Reynolds is changed man after switching to No. 25


Call it a hunch or a superstition, but three weeks into the season, Harold Reynolds realized that the number 6 on the back of his new Orioles jersey "just wasn't happenin'."

Intellectually, Reynolds realized a simple switch from the number 4 he wore with the Seattle Mariners to the number he took here had little bearing on the horrendous slump he suffered to start the year.

But, in a game that prides itself as one of hunches and dumb luck, Reynolds took a chance that a change to 25 might pay dividends.

Reynolds said: "I had read some Scripture that said 'Out with the old man, in with the new man.' I thought, 'Yeah, it's time to get rid of this old man and get rid of this number and get this new man in here.' Some people get a haircut, some people cut off their mustache. I changed my number. There's no need to change again."

If the results of the past 15 games are any indication, Reynolds will hold onto 25.

From April 26, when he made the number switch, Reynolds has been one of the club's most productive hitters, going 16-for-52, for a .308 clip. His overall average is .242.

Included in that torrid swing was a 10-game hitting streak, the longest of the year on the club, and a stretch that ended last night where he reached base either by walk, hit or being hit by a pitch in 16 straight games.

Reynolds said: "I think I got more wrapped up in the change, the stadium being sold out every night and the expectations that everybody else put on me that I did not focus in on what I needed to do to be successful. You can get wrapped up in things in that way unless you grab yourself before you get too far off."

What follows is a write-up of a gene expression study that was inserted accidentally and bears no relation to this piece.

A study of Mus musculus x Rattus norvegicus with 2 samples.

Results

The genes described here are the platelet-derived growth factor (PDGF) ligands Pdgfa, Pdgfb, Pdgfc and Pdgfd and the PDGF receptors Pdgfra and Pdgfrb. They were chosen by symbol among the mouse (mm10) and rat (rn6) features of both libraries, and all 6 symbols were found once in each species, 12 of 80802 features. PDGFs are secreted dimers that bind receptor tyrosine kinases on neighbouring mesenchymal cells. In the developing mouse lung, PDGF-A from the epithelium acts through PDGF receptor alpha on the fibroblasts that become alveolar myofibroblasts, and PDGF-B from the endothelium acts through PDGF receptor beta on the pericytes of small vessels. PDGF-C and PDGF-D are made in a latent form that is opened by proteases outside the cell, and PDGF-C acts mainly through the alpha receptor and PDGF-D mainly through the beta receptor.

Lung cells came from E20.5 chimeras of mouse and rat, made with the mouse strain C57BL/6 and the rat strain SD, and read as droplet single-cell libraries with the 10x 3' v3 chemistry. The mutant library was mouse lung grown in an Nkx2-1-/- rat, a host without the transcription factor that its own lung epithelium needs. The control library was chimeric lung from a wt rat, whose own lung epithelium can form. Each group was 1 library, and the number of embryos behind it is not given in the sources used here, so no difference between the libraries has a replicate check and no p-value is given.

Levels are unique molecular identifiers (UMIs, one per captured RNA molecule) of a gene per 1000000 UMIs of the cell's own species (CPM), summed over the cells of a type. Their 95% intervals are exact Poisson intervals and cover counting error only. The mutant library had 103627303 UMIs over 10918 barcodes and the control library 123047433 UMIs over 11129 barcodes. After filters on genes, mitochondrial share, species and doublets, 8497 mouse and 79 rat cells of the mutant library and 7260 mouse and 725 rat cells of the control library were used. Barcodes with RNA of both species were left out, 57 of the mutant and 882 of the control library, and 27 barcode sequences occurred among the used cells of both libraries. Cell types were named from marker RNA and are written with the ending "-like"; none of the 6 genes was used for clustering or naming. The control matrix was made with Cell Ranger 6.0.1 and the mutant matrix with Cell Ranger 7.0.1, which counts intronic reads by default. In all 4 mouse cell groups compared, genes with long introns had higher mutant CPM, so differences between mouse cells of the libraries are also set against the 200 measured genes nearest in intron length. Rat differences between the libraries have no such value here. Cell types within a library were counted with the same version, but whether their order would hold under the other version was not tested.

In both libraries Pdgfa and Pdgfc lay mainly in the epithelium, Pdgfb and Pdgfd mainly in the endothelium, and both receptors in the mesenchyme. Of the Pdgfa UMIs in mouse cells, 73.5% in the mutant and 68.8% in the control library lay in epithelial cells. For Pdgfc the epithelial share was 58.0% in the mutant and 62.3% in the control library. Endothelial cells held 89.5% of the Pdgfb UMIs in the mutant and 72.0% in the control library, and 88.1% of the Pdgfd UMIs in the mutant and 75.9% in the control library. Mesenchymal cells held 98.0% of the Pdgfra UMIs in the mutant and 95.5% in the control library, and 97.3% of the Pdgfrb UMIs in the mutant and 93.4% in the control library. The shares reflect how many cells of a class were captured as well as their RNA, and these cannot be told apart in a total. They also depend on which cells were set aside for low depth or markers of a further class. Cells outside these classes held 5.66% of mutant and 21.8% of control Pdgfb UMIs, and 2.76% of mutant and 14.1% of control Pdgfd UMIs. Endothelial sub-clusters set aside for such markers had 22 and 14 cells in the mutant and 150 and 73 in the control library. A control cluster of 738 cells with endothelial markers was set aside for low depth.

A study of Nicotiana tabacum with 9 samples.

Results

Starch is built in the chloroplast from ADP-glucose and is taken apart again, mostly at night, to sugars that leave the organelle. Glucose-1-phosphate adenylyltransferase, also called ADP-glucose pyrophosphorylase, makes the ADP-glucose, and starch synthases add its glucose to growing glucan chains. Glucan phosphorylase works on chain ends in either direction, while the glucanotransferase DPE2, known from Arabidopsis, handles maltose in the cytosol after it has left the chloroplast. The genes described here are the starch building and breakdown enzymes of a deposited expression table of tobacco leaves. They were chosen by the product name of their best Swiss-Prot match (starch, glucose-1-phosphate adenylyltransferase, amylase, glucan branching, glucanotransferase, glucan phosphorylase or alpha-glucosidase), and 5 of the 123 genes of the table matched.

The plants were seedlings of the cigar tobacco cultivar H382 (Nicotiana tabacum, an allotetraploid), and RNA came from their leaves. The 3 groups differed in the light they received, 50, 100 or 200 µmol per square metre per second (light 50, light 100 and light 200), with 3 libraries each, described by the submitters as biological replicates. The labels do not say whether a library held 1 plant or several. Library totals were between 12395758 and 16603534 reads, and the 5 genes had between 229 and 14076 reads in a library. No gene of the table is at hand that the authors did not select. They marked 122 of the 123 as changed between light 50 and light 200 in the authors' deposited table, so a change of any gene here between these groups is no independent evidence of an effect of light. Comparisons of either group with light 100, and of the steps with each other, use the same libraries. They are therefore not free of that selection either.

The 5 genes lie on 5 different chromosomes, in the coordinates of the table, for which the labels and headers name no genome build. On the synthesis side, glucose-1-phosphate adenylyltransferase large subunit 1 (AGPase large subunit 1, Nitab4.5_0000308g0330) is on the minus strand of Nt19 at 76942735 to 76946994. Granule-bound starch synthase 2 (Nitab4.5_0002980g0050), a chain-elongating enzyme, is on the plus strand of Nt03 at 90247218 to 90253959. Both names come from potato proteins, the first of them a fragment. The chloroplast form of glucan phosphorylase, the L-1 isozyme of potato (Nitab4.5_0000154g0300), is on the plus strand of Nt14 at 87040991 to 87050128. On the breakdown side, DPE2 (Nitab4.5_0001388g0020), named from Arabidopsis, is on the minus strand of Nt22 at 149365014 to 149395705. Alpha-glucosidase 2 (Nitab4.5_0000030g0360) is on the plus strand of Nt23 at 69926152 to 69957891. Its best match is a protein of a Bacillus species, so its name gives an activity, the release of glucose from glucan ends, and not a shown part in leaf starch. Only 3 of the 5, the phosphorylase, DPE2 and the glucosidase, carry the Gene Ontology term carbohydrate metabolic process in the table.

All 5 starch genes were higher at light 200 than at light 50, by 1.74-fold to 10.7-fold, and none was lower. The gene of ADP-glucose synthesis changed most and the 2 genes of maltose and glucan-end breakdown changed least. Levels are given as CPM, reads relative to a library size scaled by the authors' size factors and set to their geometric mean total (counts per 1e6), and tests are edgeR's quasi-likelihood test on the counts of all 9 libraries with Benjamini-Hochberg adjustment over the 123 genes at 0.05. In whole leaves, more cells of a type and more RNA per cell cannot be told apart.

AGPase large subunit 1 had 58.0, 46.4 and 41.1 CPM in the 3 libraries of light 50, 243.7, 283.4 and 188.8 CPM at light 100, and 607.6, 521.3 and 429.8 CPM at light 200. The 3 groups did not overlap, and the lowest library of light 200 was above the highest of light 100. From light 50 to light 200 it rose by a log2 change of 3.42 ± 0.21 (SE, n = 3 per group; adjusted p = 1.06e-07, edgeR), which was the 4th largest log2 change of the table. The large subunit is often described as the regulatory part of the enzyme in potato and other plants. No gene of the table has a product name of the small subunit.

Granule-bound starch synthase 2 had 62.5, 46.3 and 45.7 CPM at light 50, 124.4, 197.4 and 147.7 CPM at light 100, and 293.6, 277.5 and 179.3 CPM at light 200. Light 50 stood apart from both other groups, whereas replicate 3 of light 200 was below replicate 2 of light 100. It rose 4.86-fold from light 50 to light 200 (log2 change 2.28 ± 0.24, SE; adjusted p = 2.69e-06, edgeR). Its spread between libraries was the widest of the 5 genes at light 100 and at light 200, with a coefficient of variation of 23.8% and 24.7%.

Had all things been equal, Reynolds, 28, might have been able to shake off the first month of the season, which saw his batting average hover between .100 and .200, as just an early slump.

But the slump only brought east questions that had been raised in Seattle about the direction of Reynolds' career.

The former Gold Glove second baseman had seen his average slide from a career-high .300 in 1989 to .252 in 1990 to .254 in 1991 to .247 last season.

The Mariners made it clear to Reynolds at the end of 1992 that rookie Bret Boone would get the nod at second.

Reynolds signed with the Orioles as a free agent for this season, while Boone, who had a horrendous April, was sent back to the minors.

Boone's demotion might have given Reynolds a bit of satisfaction, but his slump might have reinforced lingering doubts about his productivity.

First base coach Davey Lopes, who, like Reynolds, was cleared out from the Los Angeles Dodgers in 1982 to make room for a younger player, namely Steve Sax, cautioned Reynolds about the dangers of making too much of his slump.

Lopes said: "When you get rejected in this game, and you have a couple of down years, you have a tendency to maybe think, 'Maybe I'm not as good as I thought I was.' He's young. He has to learn to be aggressive again, believe in himself and have somebody else believe in him and go from there."

Then, the American League schedule makers conspired to make things even tougher for Reynolds.

In his first eight games, he was forced to confront the specter of Bill Ripken, the Baltimore native dispatched to Texas to make room for Reynolds in two series and the Mariners in Seattle for the other.

Reynolds said: "I go back to Seattle and I'm going to kill them with every pitch and every play. Here, I'm head to head with Billy."

Lopes said: "I'm sure he was trying to outplay Billy and trying to prove to people that we made a good deal. We made the right deal, but he was being human. He tried to do too much and make everyone who had faith in him look good."